Sipping his masala coffee drink and smiling away, the quaint coffee shop is clearly Johnny’s natural environment. Sunlight pours in through the windows making his green eyes sparkle with anticipation. An old friend of mine, he thrives around his friends. Today, he’s going to tell me his story.
Having recently transitioned to a man in the past few years of high school, Johnny Hanisch is what he calls a “baby trans”.
In the summer of his sophomore year of high school, through social media, he found someone who was transgender. The past two years before he had been dealing with Body Dysmorphia.
“Body dysmorphia is when you hate on your body, you don’t feel good about yourself at all,” Hanisch says. “So, I had to deal with that and I didn’t know why I hated myself so much because I lost like 40 pounds, and I was still unsatisfied.”
After that he found out about Body Dysphoria, which is when a person does not feel like they are not in the right gendered body and that hit home for Johnny. In the beginning of his transition, he started going from she pronouns to they to make things simpler for friends and family. It was short lived though, he knew he was a man.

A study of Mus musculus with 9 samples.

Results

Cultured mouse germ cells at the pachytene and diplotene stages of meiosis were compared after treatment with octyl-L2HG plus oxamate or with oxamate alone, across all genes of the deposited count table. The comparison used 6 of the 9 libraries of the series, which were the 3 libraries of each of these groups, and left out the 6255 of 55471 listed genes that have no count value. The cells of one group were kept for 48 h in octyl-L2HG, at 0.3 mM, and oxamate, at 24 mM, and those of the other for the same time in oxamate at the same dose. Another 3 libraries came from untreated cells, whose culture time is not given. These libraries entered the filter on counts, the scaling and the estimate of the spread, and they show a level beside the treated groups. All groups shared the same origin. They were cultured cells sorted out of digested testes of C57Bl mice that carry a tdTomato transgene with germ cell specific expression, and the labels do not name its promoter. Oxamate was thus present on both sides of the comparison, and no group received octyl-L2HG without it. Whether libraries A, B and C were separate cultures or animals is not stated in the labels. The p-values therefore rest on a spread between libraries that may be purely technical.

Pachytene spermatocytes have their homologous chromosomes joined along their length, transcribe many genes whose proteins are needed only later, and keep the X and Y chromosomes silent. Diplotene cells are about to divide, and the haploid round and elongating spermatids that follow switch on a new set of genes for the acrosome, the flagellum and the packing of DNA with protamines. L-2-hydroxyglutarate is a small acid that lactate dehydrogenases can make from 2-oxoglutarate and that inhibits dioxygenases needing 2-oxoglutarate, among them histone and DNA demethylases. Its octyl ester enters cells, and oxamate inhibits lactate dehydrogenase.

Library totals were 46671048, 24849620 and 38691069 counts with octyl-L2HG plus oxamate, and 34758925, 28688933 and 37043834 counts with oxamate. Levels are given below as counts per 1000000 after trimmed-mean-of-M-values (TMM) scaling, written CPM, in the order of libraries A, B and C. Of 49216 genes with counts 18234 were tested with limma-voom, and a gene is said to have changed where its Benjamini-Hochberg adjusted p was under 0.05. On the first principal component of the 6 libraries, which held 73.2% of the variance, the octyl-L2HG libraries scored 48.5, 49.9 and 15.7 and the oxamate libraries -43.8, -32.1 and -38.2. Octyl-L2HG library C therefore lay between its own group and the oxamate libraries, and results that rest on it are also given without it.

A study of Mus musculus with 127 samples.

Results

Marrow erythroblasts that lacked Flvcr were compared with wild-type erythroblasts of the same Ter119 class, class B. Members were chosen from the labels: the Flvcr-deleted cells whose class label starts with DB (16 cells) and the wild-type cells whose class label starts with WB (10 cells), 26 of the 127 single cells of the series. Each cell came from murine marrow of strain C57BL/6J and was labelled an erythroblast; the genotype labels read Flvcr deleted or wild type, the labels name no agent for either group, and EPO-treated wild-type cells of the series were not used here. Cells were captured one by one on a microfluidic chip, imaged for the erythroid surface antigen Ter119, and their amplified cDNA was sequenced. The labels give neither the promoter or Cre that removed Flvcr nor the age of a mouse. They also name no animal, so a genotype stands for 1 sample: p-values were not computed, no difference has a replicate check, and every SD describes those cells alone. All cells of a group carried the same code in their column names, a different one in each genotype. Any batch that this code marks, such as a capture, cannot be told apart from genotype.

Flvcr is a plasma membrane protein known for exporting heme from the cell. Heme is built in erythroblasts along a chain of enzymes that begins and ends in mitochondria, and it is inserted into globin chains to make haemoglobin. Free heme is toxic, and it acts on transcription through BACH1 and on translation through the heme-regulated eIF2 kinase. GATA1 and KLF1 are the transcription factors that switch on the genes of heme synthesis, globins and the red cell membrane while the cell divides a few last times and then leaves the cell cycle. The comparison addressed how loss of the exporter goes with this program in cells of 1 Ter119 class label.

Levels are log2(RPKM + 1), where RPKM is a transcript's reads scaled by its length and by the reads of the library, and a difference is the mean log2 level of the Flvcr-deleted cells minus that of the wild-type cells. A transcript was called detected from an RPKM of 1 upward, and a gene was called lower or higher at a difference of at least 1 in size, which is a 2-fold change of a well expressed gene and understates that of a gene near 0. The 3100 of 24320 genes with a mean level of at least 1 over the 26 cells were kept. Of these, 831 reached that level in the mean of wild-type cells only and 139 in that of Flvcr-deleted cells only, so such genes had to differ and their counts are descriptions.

“I’m a guy,” Hanisch says. “I know I’m a guy. Once I started to go by Johnny and he/him pronouns, I started growing from there.”
“I’m a guy. I know I’m a guy. Once I started to go by Johnny and he/him pronouns, I started growing from there.”
For Johnny, the best part about transitioning was when his friends would, “validate the hell out of (him).” Simply calling him by his name and correct pronouns (he/him/his) made a world of difference.
Out shopping with friends on Black Friday, he had a moment of affirmation.
“This guy called me by the right pronouns. He went, ‘There you go sir’, and that was such a highlighted moment for me, it was a huge deal for me, it is for any person that’s trans.” Hanisch says.
Transitioning is no easy journey. There are mental, financial, and social struggles. From accepting yourself, to getting your friends and family to, to getting society to during your day to day life, it’s an uphill climb.
“There’s obviously a moment where everyone doubts themselves,” Hanish says. “Is it really worth this huge fight? Is it worth all the hormones or the surgery…Not everyone has to fight hard to feel comfortable in their body. That’s part of experiencing who you are, experiencing the journey to find yourself.”
“Not everyone has to fight hard to feel comfortable in their body. That’s part of experiencing who you are, experiencing the journey to find yourself.”